This year is the Year of the Nurse and Midwife – a World Health Organisation (WHO) campaign to celebrate the work of those in these crucial professions, as well as recognising the challenges they face.
Nurses and midwives are often at the frontline in health practises. For many people accessing healthcare services, they are the first and only people that they will see.
This can be especially true for expectant mums receiving healthcare while pregnant, as well as during labour and after their baby is born. However, the work of midwives and nurses is often made more difficult by a lack of resources and funding.
The WHO is seeking to address this by highlighting their vital work, and campaigning for nine million more nurses and midwives worldwide. This is to achieve their goal of universal health coverage by 2030.
Jim Campbell, WHO Executive Director, says: “Member states all over the world recognise that the largest occupation in the [healthcare] workforce, more than 50%, are nurses and midwives.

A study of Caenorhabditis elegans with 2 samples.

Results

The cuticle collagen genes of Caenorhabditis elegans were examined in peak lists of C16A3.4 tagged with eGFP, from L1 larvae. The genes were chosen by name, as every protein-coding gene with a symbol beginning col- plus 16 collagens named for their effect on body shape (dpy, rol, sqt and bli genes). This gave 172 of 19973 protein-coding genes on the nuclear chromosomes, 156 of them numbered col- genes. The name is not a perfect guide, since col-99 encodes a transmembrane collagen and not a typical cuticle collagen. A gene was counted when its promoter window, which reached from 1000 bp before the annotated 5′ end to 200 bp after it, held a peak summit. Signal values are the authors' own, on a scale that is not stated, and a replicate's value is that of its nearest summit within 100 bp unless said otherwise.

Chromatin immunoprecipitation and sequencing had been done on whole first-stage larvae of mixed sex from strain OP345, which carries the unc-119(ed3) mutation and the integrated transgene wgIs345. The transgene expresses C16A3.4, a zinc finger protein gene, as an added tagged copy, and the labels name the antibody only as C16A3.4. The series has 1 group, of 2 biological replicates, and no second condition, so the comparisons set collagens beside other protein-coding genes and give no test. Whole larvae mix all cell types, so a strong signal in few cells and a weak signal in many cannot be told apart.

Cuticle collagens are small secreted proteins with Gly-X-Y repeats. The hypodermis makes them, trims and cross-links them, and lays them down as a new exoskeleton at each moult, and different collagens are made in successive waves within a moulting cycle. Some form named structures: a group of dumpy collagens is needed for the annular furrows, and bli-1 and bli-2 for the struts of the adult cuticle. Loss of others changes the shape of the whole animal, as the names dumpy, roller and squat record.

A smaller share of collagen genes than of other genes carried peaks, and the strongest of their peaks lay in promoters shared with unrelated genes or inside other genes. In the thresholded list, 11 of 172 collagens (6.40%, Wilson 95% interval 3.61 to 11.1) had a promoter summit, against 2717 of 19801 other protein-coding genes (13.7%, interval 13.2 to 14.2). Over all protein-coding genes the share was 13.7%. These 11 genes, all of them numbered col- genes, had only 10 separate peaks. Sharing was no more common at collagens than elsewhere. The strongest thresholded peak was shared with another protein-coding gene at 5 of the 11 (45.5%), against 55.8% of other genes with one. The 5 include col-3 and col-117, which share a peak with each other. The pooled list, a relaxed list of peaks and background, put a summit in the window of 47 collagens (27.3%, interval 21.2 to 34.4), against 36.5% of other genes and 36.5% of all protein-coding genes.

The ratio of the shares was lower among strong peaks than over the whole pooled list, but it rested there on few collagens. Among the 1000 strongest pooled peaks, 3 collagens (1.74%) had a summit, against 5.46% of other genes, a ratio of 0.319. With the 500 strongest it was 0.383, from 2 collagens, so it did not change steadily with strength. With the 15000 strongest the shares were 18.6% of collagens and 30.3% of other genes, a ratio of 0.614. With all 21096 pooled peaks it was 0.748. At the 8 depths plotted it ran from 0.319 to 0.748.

“The year is to celebrate their roles, celebrate their contribution, to recognise and respect what they do.
“But also to take action and to really try to say that with a decade left for the sustainable development goals and agenda, we need to invest and take action.”
Leah Hazard is a practising midwife from Scotland, who has written a book, ‘Hard Pushed,’ on the realities of life in her job.
Read our interview with Leah, where she talks about the highs and lows of her profession, and what needs to be done to improve working conditions for midwives.
She also discusses the best ways to prepare for labour, and reveals what turns out to be the greatest surprise for expectant mums.
Who will look after you during pregnancy, what are the roles of a midwife and which other health professionals might you meet when you’re expecting a baby? Find out here.